As you reorder your professional and personal lives from home, do you seem authentically relatable on the work front? A CBS News story reports that half of American workers have turned to working from home. And, apparently, it’s pretty stressful. In fact, 51% of workers surveyed by say they are experiencing burnout while working from home. Not to stress you out any more than you might already be, but stress will translate through your video interactions.  That said, there are ways to ensure that you seem authentically relatable and not stressed.

To Video or Not to Video – That is the Question

While it’s entirely likely that video meetings have become overwhelming, they are crucial for maintaining a strong bond between workers. An important consideration is ensuring not to overuse video meetings so that their importance does not become diluted. Use video meetings for higher level communication where seeing one another adds context, and creates more connection between meeting attendees. Then text message when the communication doesn’t require layers of context.

One radical and unintended outcome, especially for introverts, is that video meetings have made it impossible to hide any more. Now, whether it was your goal or not, you can be a video meeting star! This has forced camera-shy people to confront fears, but often without guidance or support. Help is available if you need it. And I’m not talking about using the right lighting source, framing the camera the right way, or other mechanical issues.

People who aren’t used to showing up on camera have special challenges, but also big new opportunities. Introverts aren’t supposed to turn into extroverts. Advice like that is horrible. People known as introverts must show up that way in video meetings, exactly as they do in face-to-face meetings. The key is the camera.

My pro tip to ensure that you seem authentically relatable is to switch the view so that you aren’t looking at yourself on screen. You’ll be far less self-conscious, at least no more than when you meet with others in person. The only time when you need to see yourself on camera is when you sit down to participate in a meeting and you want to check out your setup before joining in. You’ll appreciate having the extra time beforehand so you’re not self-conscious. That tip is equally as valuable for extroverts.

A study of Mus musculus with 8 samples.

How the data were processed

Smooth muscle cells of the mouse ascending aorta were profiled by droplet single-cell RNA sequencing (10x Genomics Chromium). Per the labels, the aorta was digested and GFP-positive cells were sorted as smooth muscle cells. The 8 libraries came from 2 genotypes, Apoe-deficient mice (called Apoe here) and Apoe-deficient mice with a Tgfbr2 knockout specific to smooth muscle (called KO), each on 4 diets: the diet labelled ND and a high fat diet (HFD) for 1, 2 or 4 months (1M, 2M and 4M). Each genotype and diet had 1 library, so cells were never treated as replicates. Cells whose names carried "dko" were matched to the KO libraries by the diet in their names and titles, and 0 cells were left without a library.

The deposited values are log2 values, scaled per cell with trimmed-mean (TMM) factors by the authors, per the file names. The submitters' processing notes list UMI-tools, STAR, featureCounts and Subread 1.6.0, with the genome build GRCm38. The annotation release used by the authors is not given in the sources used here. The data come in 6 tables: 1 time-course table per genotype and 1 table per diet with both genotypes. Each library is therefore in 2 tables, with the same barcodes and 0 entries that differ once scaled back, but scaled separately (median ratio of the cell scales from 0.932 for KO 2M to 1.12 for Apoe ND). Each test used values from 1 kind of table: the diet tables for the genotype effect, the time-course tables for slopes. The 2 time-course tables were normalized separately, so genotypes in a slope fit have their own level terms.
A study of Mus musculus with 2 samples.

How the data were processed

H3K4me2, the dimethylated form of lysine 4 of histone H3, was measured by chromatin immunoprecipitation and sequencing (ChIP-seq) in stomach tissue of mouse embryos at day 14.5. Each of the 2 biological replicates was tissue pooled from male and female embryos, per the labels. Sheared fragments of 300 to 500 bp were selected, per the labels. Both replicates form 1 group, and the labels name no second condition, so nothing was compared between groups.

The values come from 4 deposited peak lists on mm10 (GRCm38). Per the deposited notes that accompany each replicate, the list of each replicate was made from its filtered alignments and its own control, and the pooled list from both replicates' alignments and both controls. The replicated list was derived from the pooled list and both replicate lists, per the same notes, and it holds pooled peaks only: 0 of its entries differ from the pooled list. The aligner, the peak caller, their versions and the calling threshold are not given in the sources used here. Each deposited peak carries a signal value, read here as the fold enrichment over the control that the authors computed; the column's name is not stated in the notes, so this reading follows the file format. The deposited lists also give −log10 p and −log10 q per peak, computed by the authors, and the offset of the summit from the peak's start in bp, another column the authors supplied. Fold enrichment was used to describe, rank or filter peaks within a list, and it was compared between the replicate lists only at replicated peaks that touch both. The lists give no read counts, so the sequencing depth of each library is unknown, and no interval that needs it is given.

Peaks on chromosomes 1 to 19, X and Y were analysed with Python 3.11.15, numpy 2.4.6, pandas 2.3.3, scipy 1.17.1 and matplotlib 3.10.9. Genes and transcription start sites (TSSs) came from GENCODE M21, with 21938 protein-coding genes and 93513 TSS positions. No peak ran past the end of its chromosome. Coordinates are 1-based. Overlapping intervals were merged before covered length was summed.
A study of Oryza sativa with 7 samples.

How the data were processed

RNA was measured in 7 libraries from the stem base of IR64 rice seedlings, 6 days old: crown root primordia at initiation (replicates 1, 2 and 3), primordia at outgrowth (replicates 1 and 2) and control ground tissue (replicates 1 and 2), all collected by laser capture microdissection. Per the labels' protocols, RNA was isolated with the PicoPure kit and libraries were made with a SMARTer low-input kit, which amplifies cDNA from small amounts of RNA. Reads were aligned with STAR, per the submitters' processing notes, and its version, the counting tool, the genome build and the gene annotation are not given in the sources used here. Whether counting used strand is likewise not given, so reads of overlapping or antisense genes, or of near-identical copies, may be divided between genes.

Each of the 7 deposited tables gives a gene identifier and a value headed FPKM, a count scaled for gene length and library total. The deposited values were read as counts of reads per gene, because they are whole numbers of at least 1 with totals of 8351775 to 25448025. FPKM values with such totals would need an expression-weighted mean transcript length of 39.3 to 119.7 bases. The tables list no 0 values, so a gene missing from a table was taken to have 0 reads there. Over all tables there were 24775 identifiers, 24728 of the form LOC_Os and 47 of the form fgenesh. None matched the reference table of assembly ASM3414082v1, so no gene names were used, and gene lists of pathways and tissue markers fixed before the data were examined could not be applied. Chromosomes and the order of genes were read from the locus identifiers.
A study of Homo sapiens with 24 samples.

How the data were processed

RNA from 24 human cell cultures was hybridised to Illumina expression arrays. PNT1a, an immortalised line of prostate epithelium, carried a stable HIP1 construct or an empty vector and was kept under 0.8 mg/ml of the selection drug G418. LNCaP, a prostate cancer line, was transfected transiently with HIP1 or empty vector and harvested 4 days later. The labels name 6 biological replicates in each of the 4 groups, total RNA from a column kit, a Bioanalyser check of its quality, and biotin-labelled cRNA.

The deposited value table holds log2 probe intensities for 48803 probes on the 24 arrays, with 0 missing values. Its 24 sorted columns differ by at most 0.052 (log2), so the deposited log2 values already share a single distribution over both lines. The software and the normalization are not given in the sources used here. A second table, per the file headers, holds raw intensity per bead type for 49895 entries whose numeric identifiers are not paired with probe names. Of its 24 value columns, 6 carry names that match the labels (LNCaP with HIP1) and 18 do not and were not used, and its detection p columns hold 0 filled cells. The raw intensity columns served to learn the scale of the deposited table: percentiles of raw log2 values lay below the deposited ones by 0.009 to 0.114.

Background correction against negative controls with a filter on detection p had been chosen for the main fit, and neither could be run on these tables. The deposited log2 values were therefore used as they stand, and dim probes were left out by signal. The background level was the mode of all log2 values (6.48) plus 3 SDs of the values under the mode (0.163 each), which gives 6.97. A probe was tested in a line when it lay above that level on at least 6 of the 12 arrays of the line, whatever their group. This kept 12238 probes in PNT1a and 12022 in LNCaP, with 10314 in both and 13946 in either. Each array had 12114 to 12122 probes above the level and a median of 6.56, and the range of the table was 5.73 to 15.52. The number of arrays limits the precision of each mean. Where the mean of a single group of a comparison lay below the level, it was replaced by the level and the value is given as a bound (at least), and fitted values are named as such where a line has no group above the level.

Be Aware of Your Surroundings – On Camera

Do you seem authentically relatable based on the environment you set up to conduct your video meetings? It’s important to adjust your environment that people see on video to create a level of intimacy. The focus should be centered on your presence so that you can continue to inspire others from a distance. This isn’t necessarily the moment to show off or one-up others. This is actually a time for humility, sensitivity, and empathy. People need focus and inspiration.

You’ve Got the Look – Or, Do You?

Along with losing the office environment, many people have also hung up their typical work clothes. A retreat away from literally looking like it’s business as usual is expected now. If you want a very good and funny read, check out this New York Times article about the Zoom wardrobe. What you wear now on video meetings is actually just as important as ever. Making connections in a virtual world is the “now norm.” So, what you wear can really impact how you connect, show empathy, and even deepen connections with others.

When it comes to what to wear, it’s important to consider whether you need to talk or listen. Or if you need to lead with confidence or inspire. Is it a time to be forceful or to relate in a more personal way? Thinking about the kind of communication you intend to have will help you make the right wardrobe choice. From the comfort of home, you can strike the right look and setting to make sure you seem authentically relatable.